According to psychology researchers at West Virginia University, there’s an actual genetic basis for the fear of receiving dental treatment, a common concern among many people.
Sarah Handzel, BSN, RN
PUBLISHED: Friday, October 28, 2016
According to psychology researchers at West Virginia University, there’s an actual genetic basis for the fear of receiving dental treatment, a common concern among many people. Since fear of going to the dentist is a prevalent problem preventing large numbers of people from seeking dental care when they need it, the researchers hope that this new information about the possible causes of that fear can be used to develop new interventions to reduce patient distress and anxiety.
 
The study used a novel approach to gathering information from a large, family-based cohort of study participants. Participants ranged from 11 – 74 years old. The research team initially hypothesized that dental fear was due, in part, to genetic influences inherited from family members. Both heritability and genetic relationships to dental fear were estimated using likelihood-based methods.
 
Different measures of dental fear and fear of pain were identified, since the fear of pain is often a predictor and critical component of dental fear. Assessment of the heritability of dental fear and fear of pain was a part of the attempt to explain the role genetics play in both situations.
 
It was shown that dental fear was 30% heritable, while fear of pain was 34% heritable. It was also shown that there was a major correlation between fear of pain and dental fear. This suggests that both fears are genetically related, even though they are likely distinct genetic phenotypes. However, this could provide more insight as to how the fear of pain actually contributes to the development of fear of dental procedures.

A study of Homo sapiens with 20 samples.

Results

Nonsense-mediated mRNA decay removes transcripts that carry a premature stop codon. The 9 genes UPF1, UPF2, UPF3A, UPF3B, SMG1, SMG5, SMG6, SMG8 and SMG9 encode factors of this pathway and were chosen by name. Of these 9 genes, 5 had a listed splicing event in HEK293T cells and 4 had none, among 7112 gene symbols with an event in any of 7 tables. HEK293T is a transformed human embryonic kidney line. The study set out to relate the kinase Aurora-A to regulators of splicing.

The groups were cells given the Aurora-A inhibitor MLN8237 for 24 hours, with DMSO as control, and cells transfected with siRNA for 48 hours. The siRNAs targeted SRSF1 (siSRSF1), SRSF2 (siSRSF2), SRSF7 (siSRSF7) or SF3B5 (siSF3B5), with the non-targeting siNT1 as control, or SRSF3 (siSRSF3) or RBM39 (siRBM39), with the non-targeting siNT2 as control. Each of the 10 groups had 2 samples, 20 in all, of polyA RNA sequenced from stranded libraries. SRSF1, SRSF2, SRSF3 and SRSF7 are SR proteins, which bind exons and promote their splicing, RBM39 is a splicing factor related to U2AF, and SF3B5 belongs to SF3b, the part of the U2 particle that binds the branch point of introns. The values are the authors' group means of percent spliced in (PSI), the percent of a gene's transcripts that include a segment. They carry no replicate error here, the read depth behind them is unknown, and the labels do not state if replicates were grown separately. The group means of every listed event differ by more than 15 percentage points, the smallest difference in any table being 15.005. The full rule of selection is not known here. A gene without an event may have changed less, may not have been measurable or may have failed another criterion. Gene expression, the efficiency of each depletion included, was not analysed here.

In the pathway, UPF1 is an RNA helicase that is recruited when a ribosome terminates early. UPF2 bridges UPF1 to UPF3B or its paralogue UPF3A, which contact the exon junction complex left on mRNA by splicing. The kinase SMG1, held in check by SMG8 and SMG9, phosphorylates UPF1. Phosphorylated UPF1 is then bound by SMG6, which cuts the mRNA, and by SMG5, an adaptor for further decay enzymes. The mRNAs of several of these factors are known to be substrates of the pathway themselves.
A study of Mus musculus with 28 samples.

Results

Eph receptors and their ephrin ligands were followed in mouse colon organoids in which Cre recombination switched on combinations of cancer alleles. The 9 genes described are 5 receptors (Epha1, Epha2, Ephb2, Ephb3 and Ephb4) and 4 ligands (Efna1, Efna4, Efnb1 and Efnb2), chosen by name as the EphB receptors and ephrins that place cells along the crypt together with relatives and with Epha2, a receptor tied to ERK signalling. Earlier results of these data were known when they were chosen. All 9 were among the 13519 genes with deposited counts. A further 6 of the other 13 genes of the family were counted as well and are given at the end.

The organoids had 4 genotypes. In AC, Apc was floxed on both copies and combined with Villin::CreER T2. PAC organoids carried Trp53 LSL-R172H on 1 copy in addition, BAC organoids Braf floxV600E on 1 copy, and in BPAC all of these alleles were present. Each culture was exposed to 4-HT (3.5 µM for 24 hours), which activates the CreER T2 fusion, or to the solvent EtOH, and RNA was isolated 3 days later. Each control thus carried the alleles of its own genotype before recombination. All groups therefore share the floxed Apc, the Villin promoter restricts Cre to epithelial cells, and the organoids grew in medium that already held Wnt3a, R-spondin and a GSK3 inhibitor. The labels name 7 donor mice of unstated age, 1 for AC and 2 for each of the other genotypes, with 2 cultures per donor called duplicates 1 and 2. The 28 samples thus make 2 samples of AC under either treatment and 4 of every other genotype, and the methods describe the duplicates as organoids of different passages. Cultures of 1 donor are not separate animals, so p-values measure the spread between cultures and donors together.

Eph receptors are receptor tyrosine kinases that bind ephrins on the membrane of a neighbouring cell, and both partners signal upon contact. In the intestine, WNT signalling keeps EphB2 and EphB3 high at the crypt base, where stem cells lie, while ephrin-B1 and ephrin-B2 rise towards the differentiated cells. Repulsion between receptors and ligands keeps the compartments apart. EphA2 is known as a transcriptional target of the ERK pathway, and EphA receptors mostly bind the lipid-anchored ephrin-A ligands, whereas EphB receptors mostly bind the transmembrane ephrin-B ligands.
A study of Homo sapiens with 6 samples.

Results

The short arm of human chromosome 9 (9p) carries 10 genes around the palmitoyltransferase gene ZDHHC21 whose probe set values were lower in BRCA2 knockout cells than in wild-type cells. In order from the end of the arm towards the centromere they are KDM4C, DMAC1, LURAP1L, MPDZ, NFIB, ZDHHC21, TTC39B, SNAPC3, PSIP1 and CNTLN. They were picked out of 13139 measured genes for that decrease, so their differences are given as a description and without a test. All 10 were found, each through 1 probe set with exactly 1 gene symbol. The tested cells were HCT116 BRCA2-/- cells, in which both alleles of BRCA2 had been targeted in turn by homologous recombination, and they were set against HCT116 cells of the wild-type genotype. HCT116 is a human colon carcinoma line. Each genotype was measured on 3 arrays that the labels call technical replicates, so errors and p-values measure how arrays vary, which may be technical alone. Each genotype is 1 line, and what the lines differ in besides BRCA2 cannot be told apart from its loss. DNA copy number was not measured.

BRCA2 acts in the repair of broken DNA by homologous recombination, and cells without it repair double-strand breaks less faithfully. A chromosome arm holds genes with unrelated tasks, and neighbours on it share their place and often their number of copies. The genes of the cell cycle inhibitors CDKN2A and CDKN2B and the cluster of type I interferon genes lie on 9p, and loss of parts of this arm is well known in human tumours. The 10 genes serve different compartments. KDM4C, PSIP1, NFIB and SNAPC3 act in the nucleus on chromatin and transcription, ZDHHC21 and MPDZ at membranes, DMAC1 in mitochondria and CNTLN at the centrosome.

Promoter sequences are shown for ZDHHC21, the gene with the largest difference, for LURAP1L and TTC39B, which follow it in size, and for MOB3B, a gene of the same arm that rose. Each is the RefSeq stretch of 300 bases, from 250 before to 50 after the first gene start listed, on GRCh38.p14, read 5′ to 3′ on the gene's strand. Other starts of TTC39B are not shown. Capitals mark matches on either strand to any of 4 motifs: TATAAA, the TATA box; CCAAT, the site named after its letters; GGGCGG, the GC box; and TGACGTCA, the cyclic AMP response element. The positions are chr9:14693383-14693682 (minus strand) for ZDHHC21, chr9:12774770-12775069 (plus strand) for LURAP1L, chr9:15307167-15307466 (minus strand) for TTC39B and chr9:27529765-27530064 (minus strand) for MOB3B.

Cameron Randall, one of the scientists working on the study, explained that “the most important conclusion of this study is that our genes may predispose us to be more susceptible to developing dental fear, perhaps through pain-related variables. This information, along with a well-documented understanding of the important role of prior experiences and environment in causing dental fear, may help us develop new ways to treat dental fear and phobia.”
 
Since a relationship between dental fear and anxiety and the fear of pain were shown to exist, it’s now hoped that these conclusions can pave the way for future studies. It’s important to continue to examine these genetic factors as influencers of patients’ oral and overall health since dental-care related fear is common and can cause delays in treatment or avoidance of treatment altogether.